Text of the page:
Originally created 12/16/00

'Spooky' school will close Tuesday



Amber Cobern was a little nervous about attending Houghton Elementary School this year.

She'd heard the stories.

"They said Mr. Houghton pushed kids down the steps," said the fourth-grader, referring to the school's late namesake.

John W. Houghton, after whom the Greene Street school was named, died in 1851 and is entombed in the school's foyer.

Needless to say, with a dead man on campus, ghost stories run rampant.

"When you close a door, it sounds like five," said Amber, who admits to running down the hallways frightened on more than one occasion.

Margaret Whaley, however, is a skeptic.

"I've heard tales of his ghost walking around, but I've never seen him," said the fifth-grade teacher, who has been at the school since 1983.

Ghost or not, the halls at Houghton Elementary will be a lot quieter next week. The 84-year-old school will close its doors forever Tuesday as the pupil populations of Craig and Houghton elementary schools merge under the roof of the newly constructed Craig-Houghton Elementary School on Fourth Street.

The public is invited to take a final tour of the old school from 2 to 5 p.m. Sunday.

In his will, Mr. Houghton bequeathed $4,000 to the Augusta City Council to start a free school for poor children. Houghton Institute opened in 1851 but was destroyed in the Great Fire of 1916, along with more than 700 downtown buildings.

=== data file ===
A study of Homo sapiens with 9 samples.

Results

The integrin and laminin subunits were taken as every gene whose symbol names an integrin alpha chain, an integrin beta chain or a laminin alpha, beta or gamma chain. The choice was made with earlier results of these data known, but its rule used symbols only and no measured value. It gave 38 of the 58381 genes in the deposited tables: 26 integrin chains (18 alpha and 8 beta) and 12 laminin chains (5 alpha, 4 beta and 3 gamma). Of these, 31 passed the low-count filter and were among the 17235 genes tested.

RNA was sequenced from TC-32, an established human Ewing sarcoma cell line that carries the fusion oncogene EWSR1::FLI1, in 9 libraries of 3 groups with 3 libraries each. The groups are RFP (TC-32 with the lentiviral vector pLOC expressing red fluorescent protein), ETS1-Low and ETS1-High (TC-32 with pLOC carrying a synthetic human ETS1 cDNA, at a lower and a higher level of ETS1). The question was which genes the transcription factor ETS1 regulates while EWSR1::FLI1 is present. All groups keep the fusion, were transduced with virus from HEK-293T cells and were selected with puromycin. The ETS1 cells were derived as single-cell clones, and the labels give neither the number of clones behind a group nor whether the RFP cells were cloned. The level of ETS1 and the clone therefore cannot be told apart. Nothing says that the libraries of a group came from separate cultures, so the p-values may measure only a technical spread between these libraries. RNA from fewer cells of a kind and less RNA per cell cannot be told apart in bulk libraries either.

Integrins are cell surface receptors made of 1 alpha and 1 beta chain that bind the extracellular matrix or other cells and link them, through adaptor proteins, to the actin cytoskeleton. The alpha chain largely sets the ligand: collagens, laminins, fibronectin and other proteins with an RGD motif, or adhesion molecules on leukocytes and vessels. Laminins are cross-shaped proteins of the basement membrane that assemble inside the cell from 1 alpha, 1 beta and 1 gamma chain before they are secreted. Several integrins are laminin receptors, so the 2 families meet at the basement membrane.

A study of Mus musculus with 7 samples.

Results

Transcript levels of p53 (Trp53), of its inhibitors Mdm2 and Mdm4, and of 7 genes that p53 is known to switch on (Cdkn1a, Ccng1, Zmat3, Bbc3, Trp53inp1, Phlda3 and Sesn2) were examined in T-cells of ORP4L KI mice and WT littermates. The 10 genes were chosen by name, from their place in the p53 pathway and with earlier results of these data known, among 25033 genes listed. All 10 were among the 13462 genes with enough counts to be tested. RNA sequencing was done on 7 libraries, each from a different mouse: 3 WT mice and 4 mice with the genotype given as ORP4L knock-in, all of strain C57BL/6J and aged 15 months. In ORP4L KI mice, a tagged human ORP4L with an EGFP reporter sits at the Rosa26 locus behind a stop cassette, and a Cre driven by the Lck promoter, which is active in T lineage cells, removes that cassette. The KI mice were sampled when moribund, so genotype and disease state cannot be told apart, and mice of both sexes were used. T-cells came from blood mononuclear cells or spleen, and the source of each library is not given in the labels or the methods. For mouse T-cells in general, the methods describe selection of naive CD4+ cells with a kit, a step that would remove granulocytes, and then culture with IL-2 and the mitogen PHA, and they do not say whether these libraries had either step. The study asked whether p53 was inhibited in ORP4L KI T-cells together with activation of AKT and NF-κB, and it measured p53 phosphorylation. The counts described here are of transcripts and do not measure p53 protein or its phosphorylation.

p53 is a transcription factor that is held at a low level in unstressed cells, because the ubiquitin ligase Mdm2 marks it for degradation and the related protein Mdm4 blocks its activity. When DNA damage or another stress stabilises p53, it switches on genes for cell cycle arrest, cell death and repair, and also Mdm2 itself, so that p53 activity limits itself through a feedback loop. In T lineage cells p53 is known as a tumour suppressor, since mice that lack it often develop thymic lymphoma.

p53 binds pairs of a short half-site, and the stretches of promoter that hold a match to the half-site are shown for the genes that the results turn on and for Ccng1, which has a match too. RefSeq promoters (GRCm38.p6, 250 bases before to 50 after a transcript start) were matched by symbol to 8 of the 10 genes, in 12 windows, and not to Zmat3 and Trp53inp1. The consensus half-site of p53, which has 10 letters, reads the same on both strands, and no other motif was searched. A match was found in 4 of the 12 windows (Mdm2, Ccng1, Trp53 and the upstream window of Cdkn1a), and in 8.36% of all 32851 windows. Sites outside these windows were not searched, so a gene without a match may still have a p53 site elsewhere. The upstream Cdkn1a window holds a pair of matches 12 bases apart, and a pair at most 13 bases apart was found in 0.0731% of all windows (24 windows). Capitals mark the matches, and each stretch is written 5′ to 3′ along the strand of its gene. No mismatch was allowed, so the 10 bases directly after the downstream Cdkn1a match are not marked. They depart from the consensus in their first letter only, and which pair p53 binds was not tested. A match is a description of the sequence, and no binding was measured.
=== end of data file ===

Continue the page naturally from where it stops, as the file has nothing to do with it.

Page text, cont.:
The second school, designed by noted Augusta architect Lloyd Preacher, was constructed the same year. Mr. Houghton's remains were moved from his Gracewood farm and reinterred beneath the tile floor of the foyer beyond the wrought iron gates. On the wall above the site is a plaque dedicated to his memory.

The school's tall ceilings, echoing hallways and creaking hardwood floors add to its mystique and probably spawned a few of the spooky tales.

Principal William Holmes said he makes sure the doors are locked on the weekends if he's in the school, as it can get a little spooky when there are no pupils around.

"In old buildings, you hear everything - the floors creaking," he said.

The school board doesn't have any plans for the old building yet, Mr. Holmes said. While the school has seen some wear and tear, including some water damage, Mr. Holmes said the building is structurally sound, and he hopes some use can be found for the building.

"All it needs is a roof," he said. "With a new roof on it, that building is good to go from now on."

As for Mr. Houghton's final resting place, it will remain the same for now.

To move the body would require the school board to find any heirs of Mr. Houghton and seek their permission, said Donald Porter, the school board's spokesman.

If you go

A final tour of John W. Houghton Elementary School will be from 2 to 5 p.m. Sunday. The school will close Tuesday.

Reach Charmain Z. Brackett at (803) 441-6927.